Starring: Chris Klein, LL Cool J, Jean Reno, Rebecca Romijn, Naveen Andrews
“ROLLERBALL!” (Paul Heyman, Rollerball)
As I wrote in my recent review, the original 1975 version of Rollerball is a fantastic, prescient commentary on the way massive corporations suffocate society.
It’s also a superb action movie, with plenty of high-paced and violent sequences with rollerskates, motorbikes, fists and feet flying all over the place.
What a difference 27 years makes, then, because the 2002 remake is one of the biggest piles of vapid cockwash ever committed to celluloid.
This time the gritty James Caan role is spectacularly miscast, as Chris Klein (aka the lacrosse-playing sap from American Pie) gingerly steps into the shoes of lead character Jonathan Cross.
(The story goes that the studio initially wanted Keanu Reeves to take the role, something I can completely believe given that Klein seems to be impersonating a Matrix cosplayer half the time.)
Gone is the whole global corporation plot, otherwise known as the entire point of the original film’s story, and replacing it is some lacklustre yarn about Jonathan and his pal (LL Cool J) escaping to Kazakhstan to avoid the police back home.
While there the pair discover a sport called Rollerball and decide to sign up, because after all they’re unbearably cool extreme sports types (as evidenced by a piss-poor street luge section at the start of the film).
Eventually Jonathan becomes the greatest Rollerball player ever, which is a great idea because the best way to keep a low profile from the US authorities is obviously to become a national superstar in another country.
Things start getting dark when Jonathan discovers a plot by the organisers to increase TV ratings by deliberately manufacturing potentially fatal ‘accidents’.
Shocked, he and his chum (along with Rebecca Romijn, sporting the worst Russian accent ever) decide it’s time to get the fuck out of Eastern Europe. But there’s just one problem – the organisers aren’t having any of that, and will have no problem killing them off if they try to flee the country.
Can Jonathan escape the evil grip of promoter Alexei (Jean Reno, who should really have known better) and make it back home without being killed? Trust me, you’ll desperately struggle to care.
It’s no great revelation that most remakes aren’t as accomplished as the original subject material they’re based on, but the 2002 version of Rollerball really is a tragic piece of guff.
All the social and political commentary that made the first film so powerful has been completely removed, and in its place is all manner of ‘hip’ pish that was cool in 2002 but now, in 2016, already somehow feels more dated than the 1975 original.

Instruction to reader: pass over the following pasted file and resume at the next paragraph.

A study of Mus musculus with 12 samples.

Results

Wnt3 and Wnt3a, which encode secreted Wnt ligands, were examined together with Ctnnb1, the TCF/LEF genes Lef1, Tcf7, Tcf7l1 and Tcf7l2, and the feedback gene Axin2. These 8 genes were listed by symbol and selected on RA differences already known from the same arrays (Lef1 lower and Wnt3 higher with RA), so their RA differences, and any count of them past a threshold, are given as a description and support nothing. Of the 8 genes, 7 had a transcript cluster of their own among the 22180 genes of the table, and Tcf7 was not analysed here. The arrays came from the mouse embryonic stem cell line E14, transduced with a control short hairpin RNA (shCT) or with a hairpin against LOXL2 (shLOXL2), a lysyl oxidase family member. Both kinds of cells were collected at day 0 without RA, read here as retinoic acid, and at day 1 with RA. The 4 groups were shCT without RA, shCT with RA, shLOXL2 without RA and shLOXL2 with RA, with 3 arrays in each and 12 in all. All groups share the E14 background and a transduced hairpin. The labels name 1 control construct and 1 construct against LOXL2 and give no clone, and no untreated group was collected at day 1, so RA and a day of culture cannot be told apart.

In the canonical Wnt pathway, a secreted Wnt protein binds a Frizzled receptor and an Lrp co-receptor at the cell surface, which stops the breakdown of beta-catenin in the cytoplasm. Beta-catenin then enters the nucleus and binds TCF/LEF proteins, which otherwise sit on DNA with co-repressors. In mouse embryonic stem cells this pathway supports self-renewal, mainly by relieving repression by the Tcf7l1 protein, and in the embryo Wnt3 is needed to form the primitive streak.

This is now a film with cameos by Slipknot and Pink, and screams in your face almost the entire time, aided in part by a soundtrack by the likes of nu metal knobs P.O.D.
It’s a film where nudity is rife for the sake of it – not that I usually have a problem with that but when it feels like there’s a cynical need to have baps every five minutes then I’m not quite so forgiving.
More notably, it’s a film with a fucking baffling car chase scene played out entirely in night vision.
This preposterous setpiece lasts an excruciating 7 minutes and 23 seconds (yes, I counted), throughout which you have to strain your way through a green-tinted, fuzzy mess of an alleged ‘action’ scene that really didn’t have to be in night vision in the first place, seeing as they’re in cars with headlights and such.
It all reaches peak what-the-fuck when what has easily got to be the least suitable sound effect in the history of motion pictures is played not once, but twice. Have a listen – I promise you I haven’t edited this in the slightest.
All this would be somewhat alleviated if the actual Rollerball sections were entertaining. After all, they were my favourite parts of the 1975 original so you’d think all these years later they’d look even more impressive.
They’re a mess, frankly. It’s nearly impossible to tell what’s going on, despite the best efforts of wrestling legend Paul Heyman who plays an enthusiastic commentator and is pretty much the only decent thing in this entire movie.
It’s quite telling that the original didn’t even have commentary during its Rollerball scenes yet still managed to get the story across in a less confusing manner than a remake which insists on having someone explain everything to you.
Take a ‘70s classic and remove its heart and this is the result. The 2002 Rollerball is the ‘70s one with none of its striking design, none of its intelligence and none of its passion.
The original Rollerball was a film about the way the world could soon be controlled and dominated by massive companies. The remake is a film made by one.
Rollerball‘s low rating earns it a place in the notorious TWABM Hall Of Shame. Click here to see what other pishfests made the grade (or, indeed, failed to).
HOW CAN I SEE IT?
Wow, you’re brave. Okay, the UK DVD can currently be found for the princely sum of £0.01 on Amazon. There was no UK Blu-ray. A nation mourns. If you live in the US, here’s the DVD and here’s the Blu-ray – the night vision thing is just as blurry in the latter
SHOW ME THE TRAILER:
One thought on “Rollerball (2002) review”
“the 2002 remake is one of the biggest piles of vapid cockwash ever committed to celluloid.”
Dear Sir, I think I’ll print this out and frame it. The original with James Caan is one of my all time favourites, I’m still not over the anger and frustration this waste of celluloid caused me. Thanks for a good laugh!